Our Hope for Rescue

Hope. This single word, a staple and backbone of our faith, has become so familiar, overused, and even secularized that it risks losing its more holy meaning. It is in the context of Easter, the celebration of the resurrection of Jesus, that the concept of our hope as Christians comes most alive.

A simple dictionary search will reveal how our definition of hope has become distorted with the passage of time.

hope [hōp/] noun, verb

  1. a feeling of expectation and desire for a certain thing to happen; to want something to happen or be the case
  2. archaic, a feeling of trust

Present day “hope” is only a wanting. It is a desperate grasping at the thing that we hope for, the thing that we desire to be true. We hope that we get the promotion at work. We hope that our son or daughter brings home good grades. We hope that our country’s political leaders will make sound decisions.

These things are beyond our own control, and though we desire them deeply, the very nature of hoping leaves space for the realistic possibility that what we desire will never come to pass. We walk up a slippery slope, simultaneously hoping that our feet don’t give way and preparing to catch ourselves when they do.

In this very same definition, we find another meaning of the word, one documented as archaic and thus classified as outdated, old-fashioned, obsolete. However, this old-fashioned definition is the one to which we, as Christians, must cling. It is the definition where hope becomes trust—something sure, something solid, something already accomplished though not yet fully revealed. This is our hope in the resurrection of Jesus.

This past week, I began reading from the book of Daniel at the same time as I reflected on the living hope of which the celebration of Easter reminds us. As I read from chapter 3, I was reminded of the biblical account that many of us will recall from Sunday school—the story of Shadrach, Meshach, and Abednego thrown in the fiery furnace.

In this passage, King Nebuchadnezzar had constructed an image of gold—an idol—and instructed the people to worship and bow down to it. Anyone who didn’t, he proclaimed, would be thrown alive into the burning furnace. Shadrach, Meshach, and Abednego, followers of God, refused to bow down.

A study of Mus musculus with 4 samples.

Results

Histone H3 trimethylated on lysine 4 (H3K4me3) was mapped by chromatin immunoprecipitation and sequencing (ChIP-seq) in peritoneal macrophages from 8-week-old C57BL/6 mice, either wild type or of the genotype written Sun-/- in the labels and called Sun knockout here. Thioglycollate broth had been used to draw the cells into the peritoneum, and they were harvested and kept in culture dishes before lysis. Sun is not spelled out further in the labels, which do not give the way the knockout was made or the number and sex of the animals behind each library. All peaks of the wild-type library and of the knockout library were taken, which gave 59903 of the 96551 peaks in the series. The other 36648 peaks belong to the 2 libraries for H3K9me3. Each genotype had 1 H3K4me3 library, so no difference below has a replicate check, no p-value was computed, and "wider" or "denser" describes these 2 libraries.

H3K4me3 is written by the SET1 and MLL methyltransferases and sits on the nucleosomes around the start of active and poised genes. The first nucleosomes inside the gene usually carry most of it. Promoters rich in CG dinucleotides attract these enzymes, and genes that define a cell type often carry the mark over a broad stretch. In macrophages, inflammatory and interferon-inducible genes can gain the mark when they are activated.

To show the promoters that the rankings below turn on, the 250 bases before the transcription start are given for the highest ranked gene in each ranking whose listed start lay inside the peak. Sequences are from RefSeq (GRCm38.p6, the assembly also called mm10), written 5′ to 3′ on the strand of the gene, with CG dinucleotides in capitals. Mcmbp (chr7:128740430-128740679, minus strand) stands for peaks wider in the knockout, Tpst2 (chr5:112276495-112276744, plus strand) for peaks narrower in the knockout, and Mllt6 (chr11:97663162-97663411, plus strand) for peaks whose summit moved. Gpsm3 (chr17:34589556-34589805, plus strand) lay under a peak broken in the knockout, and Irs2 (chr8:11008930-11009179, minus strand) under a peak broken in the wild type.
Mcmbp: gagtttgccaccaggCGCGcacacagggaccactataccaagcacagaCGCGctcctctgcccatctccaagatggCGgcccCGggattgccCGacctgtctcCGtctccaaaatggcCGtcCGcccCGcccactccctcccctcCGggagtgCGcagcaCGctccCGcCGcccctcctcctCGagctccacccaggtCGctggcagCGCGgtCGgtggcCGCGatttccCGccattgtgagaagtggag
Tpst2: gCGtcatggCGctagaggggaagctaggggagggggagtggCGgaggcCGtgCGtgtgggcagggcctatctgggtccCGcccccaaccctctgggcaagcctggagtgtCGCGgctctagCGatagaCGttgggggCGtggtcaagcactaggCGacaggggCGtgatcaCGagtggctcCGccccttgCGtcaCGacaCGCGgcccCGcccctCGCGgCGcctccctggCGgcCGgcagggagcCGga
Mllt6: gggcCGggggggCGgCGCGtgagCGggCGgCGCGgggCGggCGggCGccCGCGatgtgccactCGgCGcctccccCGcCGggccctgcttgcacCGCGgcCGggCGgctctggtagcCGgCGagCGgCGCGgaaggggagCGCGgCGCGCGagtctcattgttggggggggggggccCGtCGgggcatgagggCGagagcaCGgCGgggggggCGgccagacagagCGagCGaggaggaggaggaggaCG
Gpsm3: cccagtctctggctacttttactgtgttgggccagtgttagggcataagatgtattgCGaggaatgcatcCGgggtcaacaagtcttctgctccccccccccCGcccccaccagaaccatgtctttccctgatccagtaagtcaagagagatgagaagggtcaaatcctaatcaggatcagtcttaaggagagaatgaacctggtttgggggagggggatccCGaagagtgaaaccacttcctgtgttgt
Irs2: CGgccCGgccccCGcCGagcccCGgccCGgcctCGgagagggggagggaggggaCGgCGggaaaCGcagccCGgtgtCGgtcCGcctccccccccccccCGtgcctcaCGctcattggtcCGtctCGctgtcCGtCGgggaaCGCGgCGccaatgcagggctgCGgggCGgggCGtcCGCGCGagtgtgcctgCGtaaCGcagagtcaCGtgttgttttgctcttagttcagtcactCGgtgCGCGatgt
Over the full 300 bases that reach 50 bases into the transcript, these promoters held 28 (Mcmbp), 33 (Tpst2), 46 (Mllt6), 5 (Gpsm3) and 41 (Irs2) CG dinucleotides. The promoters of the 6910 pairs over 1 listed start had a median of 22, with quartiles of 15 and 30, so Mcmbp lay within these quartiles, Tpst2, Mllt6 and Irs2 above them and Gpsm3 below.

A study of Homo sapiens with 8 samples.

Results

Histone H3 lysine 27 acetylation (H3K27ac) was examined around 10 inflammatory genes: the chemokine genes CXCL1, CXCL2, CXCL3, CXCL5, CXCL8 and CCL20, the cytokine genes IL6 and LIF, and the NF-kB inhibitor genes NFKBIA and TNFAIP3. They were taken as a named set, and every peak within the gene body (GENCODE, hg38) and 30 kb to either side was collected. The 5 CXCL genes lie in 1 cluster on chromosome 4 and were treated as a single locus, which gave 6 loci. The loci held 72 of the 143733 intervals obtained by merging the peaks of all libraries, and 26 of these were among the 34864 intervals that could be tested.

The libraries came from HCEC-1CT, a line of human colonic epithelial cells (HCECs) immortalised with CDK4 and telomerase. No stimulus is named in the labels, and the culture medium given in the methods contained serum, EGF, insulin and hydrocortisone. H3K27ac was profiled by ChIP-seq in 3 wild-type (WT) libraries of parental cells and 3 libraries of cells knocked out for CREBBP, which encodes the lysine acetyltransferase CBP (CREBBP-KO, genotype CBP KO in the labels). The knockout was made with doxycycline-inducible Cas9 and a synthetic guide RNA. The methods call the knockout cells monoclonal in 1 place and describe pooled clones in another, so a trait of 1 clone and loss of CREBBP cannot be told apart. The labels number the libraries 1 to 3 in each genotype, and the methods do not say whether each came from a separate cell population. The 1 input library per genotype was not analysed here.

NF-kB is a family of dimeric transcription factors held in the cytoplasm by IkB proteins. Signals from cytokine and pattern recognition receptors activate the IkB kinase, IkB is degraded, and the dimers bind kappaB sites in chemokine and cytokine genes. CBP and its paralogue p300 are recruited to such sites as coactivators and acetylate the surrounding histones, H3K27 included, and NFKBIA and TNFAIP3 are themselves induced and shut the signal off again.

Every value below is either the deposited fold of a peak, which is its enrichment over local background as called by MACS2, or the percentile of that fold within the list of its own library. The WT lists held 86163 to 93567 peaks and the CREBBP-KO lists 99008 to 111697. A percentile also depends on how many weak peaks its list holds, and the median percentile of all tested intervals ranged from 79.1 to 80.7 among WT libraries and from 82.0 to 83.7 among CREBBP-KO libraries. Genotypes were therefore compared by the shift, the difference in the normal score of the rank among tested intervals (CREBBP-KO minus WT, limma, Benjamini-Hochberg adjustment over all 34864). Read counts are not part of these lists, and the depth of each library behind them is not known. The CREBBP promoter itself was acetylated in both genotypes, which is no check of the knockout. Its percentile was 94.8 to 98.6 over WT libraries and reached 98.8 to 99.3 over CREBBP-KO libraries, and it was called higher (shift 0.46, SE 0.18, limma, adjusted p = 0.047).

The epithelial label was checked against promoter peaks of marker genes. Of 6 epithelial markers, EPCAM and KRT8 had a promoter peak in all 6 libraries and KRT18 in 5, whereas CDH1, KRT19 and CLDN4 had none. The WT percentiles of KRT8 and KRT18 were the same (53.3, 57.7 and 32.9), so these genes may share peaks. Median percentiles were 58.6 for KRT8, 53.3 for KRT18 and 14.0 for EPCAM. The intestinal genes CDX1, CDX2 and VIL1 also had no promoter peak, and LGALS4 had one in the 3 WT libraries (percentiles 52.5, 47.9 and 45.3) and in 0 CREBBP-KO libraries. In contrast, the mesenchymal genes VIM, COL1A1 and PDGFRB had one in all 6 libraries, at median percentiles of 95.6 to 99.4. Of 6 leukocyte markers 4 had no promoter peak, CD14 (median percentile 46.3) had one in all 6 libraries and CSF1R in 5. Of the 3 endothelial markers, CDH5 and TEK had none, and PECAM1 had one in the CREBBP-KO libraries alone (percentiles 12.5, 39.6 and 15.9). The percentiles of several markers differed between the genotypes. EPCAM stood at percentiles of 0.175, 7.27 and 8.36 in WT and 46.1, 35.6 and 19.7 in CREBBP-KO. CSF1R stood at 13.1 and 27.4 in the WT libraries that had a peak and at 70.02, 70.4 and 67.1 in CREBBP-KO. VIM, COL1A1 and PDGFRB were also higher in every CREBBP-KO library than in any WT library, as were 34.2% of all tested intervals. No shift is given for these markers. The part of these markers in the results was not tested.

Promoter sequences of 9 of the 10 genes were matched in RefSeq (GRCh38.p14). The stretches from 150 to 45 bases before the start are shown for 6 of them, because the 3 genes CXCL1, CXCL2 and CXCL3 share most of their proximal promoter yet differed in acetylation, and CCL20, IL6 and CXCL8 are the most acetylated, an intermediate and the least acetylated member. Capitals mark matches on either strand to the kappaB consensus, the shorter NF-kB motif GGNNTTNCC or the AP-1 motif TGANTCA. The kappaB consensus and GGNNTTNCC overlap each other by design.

“Shadrach, Meshach, and Abednego said to the king, ‘O Nebuchadnezzar, we have no need to answer you in this matter. If this be so, our God whom we serve is able to deliver us from the burning fiery furnace, and he will deliver us out of your hand, O king. But if not, be it known to you, O king, that we will not serve your gods or worship the golden image that you have set up’” (Daniel 3:16-18).

As I read this bold proclamation, I was struck by the nature of the hope that these men held in our God, even before the coming of Jesus. They didn’t hope in the sense of the world’s definition, as a sort of wanting, wishing, or grasping. They didn’t think, I really hope God saves us and we don’t burn alive in here. Rather, they had a living, sure, and solid hope that our God would deliver them from their circumstances because of His faithfulness and His promise—a hope that, whether they lived or died in that furnace, God was good and would save them.

And, God did save them.

“Then King Nebuchadnezzar was astonished and rose up in haste. He declared to his counselors, ‘Did we not cast three men bound into the fire?…But I see four men unbound, walking in the midst of the fire, and they are not hurt; and the appearance of the fourth is like a son of the gods’” (Daniel 3:24-25).

This passage is a beautiful picture of God’s own divine presence descending into the fiery furnace to rescue His people who have put their sure, solid hope in Him. The three men come out of the fire unscathed, by God’s rescue. And yet, even if they had burned, they recognized God’s sovereignty and trusted even in the midst of a great trial.

This is the same hope that we have now in Christ, the sure hope of rescue, which is vastly different from the hope of the world. At the message of Easter—the celebration of Christ’s resurrection from the dead to conquer sin and death—we should rejoice all the more in Christ as our living Hope, who has risen. For to hope in Him is to put our firm trust in Him, above all else, to rescue us from the flames.


Meg Rodriguez is a writer based in her hometown of St. Louis, MO. Though for most of her life she had prepared for a career in medicine, Meg dropped out of medical school when she realized she couldn’t shake her passions to reach people relationally and to live a smaller, more “ordinary" life as a wife and someday-mother. Meg writes most about the themes that have shaped her life thus far—ongoing struggle with chronic illness, faith, beauty in suffering, resilience, and calling. Find more of her writing at or follow her on Instagram @megcrodriguez.